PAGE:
Thursday, January 13, 2005

Hexavalent Chromium: In this wasteland of discouragement….a little bright spot

Workers of America were apparently not listening to NPR’s All Things Considered the other night when Mark Friedman, Director of Labor Law for the U.S. Chamber of Commerce, announced that "There is no reason why workers should have a voice in negotiating health and safety policy."

Reporting from our nation’s capital, Confined Space cub reporter, Celeste Monforton:

The public comment period on OSHA’s proposed health standard on hexavalent chromium closed on January 3, 2005. Hexavalent chromium is a known human carcinogen and was designated as such by the National Toxicology Program in 1980. (If not for a lawsuit brought by Public Citizen and the Paper, Allied-Industrial Chemical & Energy Workers International Union (PACE), and the favorable judicial decision in December 2002 ordering OSHA to “proceed expeditiously” with a rulemaking, there would not have been a proposed rule available for public comment.)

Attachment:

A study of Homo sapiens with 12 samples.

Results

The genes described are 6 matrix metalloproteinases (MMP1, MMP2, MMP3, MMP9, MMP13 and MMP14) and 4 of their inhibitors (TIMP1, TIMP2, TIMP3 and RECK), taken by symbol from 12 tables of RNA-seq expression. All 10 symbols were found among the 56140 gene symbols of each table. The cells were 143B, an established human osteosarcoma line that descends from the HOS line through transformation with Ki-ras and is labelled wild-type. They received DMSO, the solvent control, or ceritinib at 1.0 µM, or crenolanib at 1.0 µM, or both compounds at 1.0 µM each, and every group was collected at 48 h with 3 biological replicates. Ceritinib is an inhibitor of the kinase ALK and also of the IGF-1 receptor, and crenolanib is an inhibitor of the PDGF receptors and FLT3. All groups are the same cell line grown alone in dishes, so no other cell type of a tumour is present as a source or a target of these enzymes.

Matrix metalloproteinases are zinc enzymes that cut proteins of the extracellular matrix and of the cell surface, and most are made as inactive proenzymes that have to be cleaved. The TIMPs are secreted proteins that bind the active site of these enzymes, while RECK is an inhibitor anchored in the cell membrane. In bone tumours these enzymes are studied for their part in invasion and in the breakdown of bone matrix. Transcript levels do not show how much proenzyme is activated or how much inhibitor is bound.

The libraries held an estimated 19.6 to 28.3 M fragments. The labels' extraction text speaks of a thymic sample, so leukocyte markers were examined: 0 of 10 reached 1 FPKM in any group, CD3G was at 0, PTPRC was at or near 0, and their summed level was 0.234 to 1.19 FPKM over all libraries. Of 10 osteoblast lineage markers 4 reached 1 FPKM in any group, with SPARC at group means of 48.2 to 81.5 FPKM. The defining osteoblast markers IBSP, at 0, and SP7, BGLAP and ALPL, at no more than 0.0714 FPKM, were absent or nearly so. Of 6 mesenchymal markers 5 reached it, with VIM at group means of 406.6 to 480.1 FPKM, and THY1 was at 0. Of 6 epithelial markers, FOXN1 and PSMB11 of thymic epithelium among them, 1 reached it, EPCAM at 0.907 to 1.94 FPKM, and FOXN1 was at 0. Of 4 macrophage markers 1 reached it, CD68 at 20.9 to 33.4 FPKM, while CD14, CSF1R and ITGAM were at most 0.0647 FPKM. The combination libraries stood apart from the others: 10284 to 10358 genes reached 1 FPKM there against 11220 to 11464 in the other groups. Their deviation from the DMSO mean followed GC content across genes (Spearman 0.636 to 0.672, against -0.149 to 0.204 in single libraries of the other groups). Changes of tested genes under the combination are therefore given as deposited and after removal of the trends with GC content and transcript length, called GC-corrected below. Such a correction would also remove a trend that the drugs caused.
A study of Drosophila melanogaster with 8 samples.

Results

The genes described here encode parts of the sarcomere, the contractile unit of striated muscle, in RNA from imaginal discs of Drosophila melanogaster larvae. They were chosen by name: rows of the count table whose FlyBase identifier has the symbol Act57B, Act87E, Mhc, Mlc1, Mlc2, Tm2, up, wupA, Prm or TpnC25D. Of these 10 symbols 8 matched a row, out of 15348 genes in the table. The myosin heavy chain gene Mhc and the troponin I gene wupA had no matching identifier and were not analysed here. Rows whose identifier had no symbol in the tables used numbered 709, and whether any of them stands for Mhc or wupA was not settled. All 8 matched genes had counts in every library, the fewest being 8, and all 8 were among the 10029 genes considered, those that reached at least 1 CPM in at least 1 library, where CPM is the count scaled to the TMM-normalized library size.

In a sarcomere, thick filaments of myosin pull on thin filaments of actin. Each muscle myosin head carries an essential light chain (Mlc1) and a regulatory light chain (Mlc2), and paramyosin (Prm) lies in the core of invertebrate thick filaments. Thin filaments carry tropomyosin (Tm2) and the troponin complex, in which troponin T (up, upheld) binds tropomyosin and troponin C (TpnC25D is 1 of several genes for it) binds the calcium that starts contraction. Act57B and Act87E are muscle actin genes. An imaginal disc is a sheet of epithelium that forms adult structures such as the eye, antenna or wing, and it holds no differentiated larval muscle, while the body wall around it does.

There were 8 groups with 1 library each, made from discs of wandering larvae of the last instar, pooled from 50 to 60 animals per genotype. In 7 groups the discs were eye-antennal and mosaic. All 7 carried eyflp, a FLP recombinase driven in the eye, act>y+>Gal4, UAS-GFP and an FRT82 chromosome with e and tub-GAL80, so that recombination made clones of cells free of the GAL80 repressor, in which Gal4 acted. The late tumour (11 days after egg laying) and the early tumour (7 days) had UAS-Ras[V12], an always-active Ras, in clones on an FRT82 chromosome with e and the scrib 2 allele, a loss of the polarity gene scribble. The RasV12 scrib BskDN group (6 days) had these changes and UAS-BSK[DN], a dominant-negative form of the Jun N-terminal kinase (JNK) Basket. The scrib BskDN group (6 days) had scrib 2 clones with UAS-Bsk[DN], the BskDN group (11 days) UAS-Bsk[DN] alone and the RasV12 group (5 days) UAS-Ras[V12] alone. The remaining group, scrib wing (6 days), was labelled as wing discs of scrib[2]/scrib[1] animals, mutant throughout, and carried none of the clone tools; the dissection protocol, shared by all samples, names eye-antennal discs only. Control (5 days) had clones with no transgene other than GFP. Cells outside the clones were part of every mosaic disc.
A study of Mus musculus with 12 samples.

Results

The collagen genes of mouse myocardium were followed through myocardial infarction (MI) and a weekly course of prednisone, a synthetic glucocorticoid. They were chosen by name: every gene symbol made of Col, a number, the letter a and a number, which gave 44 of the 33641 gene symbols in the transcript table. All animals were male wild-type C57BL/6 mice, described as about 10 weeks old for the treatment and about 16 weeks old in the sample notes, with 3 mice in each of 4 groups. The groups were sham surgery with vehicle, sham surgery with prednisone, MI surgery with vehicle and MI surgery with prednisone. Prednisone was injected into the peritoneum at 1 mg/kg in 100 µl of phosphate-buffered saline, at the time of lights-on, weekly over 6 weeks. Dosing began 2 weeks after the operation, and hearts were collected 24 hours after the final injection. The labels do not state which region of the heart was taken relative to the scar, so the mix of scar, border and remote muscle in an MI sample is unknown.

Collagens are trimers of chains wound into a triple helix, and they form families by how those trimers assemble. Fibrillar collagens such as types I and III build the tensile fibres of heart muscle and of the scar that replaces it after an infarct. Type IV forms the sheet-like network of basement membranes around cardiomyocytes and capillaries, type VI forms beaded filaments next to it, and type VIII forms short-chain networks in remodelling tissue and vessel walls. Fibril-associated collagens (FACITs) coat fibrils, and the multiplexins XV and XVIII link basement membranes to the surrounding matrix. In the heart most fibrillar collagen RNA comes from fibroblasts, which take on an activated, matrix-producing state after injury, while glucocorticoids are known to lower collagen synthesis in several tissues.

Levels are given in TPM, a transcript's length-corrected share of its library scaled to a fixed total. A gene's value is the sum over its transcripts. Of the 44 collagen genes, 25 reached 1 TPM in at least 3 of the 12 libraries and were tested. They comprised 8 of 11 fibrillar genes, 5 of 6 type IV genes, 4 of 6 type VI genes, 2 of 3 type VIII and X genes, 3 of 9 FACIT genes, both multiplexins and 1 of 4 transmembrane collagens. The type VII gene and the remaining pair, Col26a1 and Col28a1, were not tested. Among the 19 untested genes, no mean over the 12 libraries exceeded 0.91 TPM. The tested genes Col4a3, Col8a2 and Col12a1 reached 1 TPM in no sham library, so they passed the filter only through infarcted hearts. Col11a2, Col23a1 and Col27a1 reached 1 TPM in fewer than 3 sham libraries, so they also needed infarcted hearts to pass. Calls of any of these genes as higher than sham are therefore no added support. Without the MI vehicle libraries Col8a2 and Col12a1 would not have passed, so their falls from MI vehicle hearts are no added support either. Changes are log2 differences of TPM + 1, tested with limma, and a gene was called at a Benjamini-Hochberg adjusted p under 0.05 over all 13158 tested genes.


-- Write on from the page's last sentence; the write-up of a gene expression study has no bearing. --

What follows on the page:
The docket on OSHA’s hexavalent chromium proposal is filled with thousands of pages of documents submitted by trade associations, law firms, the public. The usual suspects are well represented (e.g., U.S. Chamber of Commerce, National Association of Manufacturers) and joined by well-paid lobbyists (e.g., Color Pigment Manufacturers Association, Chrome Coalition, Edison Electric Institute, The Society of the Plastics Industry) who strongly oppose the rule.

In this morass of objections to OSHA’s proposed standard on hexavalent chromium standard, this is a bright spot. Nearly 200 workers took the time to send their own comments to OSHA. These are not people who are paid to supply comments to OSHA, but men and women who may be exposed to this toxin at work. Their letters urge Secretary of Labor Chao to include provisions in the rule to protect workers who are exposed to portland cement (which can contain hexavalent chromium.)
Exposure to hexavalent chromium in portland cement causes serious contact dermatitis, according to the Laborers Union. In many cases, constant exposure leads to an allergic reaction and forces the end of their careers.